I am not a lawyer.
Jumpstart Our Businesses
On April 5, 2012, the Jumpstart Our Business Startups Act became the law in Cincinnati, along with the rest of America. Wide and far-reaching in scope, my take on the law boils down to a couple things:
Easing securities and investment regulations will unlock an unprecedented pool of capital to the country’s small businesses and startups. More investments means more economic activity and of course jobs.
On the flipside, it opens up to anyone investment vehicles alternative to their 401(k)s, IRAs, or non-qualified mutual funds and stocks. Instead of giving my money to a faceless online investment portal, I could potentially invest it in promising, local companies in exchange for ownership and wait for the best. I become captain of my own destiny.
To be clear, I believe that the JOBS Act is a good thing. Since the 30’s, protecting grandma from con artists has outweighed helping new companies find investors (even though nothing protected her from sending money to a Nigerian prince, or blowing it on the high-stakes slots at the casino). Now grandma has greater control of her financial potential, and businesses have a wider pool of capital.
However, to paraphrase a famous person, with great financial power comes great responsibility. To mitigate this responsibility, the SEC now has the unenviable task of trying to separate the baby from the bath water.
Most recently – some parts of the JOBS Act are in effect, and some are still under comment – the SEC has lifted the ban on general solicitation. This means that businesses can now publicly advertise that they are seeking investment through billboards, commercials, and newspaper ads. But this comes at a hefty regulatory price. Participants in an offering that generally solicits face heightened verification requirements to prove that they are “accredited.” Businesses must also submit solicitation materials 15 days before the ad hits.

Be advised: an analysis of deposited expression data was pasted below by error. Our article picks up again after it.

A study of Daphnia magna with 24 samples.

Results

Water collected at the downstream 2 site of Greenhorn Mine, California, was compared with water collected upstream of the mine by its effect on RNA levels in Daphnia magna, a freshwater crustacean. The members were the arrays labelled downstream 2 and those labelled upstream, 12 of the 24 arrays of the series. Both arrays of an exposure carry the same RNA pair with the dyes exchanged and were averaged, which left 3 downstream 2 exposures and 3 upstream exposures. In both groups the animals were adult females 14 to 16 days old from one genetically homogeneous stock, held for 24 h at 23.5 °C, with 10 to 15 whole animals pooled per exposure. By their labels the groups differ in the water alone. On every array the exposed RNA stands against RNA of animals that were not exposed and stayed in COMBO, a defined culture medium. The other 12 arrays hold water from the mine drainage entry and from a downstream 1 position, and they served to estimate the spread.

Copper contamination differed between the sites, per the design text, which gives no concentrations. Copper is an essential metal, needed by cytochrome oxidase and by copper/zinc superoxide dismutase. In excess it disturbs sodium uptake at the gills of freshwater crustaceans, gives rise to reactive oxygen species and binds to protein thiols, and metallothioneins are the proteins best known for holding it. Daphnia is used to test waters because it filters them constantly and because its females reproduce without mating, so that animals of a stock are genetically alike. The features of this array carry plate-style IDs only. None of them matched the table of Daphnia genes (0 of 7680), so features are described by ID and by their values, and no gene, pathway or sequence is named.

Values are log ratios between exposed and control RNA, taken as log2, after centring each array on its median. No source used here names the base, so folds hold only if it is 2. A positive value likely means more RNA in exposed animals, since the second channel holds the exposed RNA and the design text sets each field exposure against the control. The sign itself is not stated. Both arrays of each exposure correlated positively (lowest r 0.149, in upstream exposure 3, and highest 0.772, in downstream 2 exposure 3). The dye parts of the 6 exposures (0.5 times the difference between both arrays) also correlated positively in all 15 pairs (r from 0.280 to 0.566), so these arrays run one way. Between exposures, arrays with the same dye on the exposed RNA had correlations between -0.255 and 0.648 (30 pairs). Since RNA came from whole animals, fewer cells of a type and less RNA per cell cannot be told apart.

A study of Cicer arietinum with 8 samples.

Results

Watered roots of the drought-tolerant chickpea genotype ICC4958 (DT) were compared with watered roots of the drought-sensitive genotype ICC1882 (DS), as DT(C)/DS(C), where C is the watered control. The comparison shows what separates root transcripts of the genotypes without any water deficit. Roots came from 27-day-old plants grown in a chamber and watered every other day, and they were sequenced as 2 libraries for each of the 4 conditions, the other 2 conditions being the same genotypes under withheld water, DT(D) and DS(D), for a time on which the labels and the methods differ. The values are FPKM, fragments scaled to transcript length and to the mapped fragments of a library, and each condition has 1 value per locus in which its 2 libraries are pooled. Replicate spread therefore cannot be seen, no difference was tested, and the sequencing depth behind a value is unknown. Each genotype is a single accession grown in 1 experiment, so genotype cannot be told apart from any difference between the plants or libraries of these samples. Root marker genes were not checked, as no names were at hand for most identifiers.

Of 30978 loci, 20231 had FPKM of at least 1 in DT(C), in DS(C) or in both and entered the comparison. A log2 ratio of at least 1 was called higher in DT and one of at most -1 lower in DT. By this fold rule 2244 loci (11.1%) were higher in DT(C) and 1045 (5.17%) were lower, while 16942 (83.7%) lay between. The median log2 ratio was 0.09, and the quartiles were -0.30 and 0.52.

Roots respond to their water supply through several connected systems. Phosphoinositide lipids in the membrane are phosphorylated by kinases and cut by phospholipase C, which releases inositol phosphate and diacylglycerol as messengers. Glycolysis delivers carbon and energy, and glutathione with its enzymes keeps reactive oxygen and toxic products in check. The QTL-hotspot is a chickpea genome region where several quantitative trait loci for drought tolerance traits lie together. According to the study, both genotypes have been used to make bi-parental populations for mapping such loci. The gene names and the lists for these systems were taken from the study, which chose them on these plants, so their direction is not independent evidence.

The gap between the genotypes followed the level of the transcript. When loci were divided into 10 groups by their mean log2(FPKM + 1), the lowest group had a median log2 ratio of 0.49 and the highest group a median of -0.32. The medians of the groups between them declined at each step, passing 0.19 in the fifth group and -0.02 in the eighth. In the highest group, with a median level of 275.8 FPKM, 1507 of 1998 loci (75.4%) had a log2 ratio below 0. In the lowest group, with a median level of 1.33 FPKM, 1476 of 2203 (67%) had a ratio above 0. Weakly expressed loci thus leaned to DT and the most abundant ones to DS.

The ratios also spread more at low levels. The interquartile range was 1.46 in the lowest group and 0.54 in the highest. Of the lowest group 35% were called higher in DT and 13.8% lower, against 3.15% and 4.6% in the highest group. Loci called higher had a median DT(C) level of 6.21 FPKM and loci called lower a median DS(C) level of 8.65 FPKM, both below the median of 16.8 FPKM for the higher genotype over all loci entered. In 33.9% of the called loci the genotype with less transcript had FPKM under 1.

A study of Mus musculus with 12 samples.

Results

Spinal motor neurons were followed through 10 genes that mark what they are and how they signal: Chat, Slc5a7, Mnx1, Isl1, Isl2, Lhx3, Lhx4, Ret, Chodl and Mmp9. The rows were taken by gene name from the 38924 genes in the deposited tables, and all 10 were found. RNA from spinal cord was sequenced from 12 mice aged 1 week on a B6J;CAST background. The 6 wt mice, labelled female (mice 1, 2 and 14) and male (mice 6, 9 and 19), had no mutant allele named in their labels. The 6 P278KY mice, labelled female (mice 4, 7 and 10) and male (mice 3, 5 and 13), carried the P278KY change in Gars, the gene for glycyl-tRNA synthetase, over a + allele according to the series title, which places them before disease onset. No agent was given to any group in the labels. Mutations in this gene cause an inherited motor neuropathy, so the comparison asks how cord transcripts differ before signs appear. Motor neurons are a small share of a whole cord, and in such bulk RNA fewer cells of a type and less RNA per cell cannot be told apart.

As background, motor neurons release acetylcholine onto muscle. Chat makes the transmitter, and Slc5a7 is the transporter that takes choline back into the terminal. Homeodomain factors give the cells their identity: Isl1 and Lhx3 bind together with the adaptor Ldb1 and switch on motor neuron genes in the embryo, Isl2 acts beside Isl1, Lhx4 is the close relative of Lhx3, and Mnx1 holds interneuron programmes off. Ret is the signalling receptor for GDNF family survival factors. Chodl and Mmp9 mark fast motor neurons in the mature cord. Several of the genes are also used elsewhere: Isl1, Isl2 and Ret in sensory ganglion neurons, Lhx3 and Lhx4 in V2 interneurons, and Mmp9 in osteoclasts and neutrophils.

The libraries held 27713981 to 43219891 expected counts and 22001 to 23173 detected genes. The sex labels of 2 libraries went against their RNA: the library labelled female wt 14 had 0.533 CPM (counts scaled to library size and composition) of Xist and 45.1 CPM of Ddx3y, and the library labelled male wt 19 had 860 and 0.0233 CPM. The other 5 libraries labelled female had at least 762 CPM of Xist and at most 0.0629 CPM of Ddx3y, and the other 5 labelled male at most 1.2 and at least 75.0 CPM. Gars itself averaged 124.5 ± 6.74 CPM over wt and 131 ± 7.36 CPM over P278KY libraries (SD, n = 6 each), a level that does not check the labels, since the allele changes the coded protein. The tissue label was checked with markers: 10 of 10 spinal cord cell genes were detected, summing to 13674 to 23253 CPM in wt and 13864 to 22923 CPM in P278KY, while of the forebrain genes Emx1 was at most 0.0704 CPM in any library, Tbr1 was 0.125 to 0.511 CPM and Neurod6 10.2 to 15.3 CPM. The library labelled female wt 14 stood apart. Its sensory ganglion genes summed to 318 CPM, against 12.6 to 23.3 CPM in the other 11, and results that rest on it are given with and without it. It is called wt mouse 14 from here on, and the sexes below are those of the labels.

This is also included under public advertisement:
Any seminar or meeting whose attendees have been invited by any general solicitation or general advertising.
Here in Cincinnati, I would lump the GCVA, Brandery Demo Day, and even events such as Startup Weekend (go sign up!) under this rule. I’ve seen plenty of pitches where a business has presented a specific ask, and in some cases terms, to a general audience. If the regulations are interpreted most conservatively, any company that pitched now has to require personal financial documents of any of its investors in that offering. It’s even feasible that they would’ve had to submit their slide deck to the SEC 15 days prior to pitching, for every event!
This Is NOT Better
It’s funny that even though pitching and asking at startup events before was explicitly illegal, the SEC took a “don’t ask, don’t tell” attitude. And now that it is legal, the SEC is asking… for a lot.
Interpreted this way, the JOBS Act places a huge burden on early stage companies, which is the exact opposite of its intent. Startups must spend more of their precious time filing the necessary solicitation materials. And investors who do not wish to hand over a trove of personal financial documents to the SEC may just choose to sit these offerings out entirely. Companies deemed in violation of the rules, though ambiguous, must return the money, and are banned from fundraising for at least a year.
So in typical fashion, we are left to kiss government on one cheek while slapping the other. My impression is that startup lawyers across the country are taking a “trust but verify,” or CYA, approach, which seems to be the best approach for now. If you are reading this at the SEC, please jumpstart our businesses, but don’t kill them.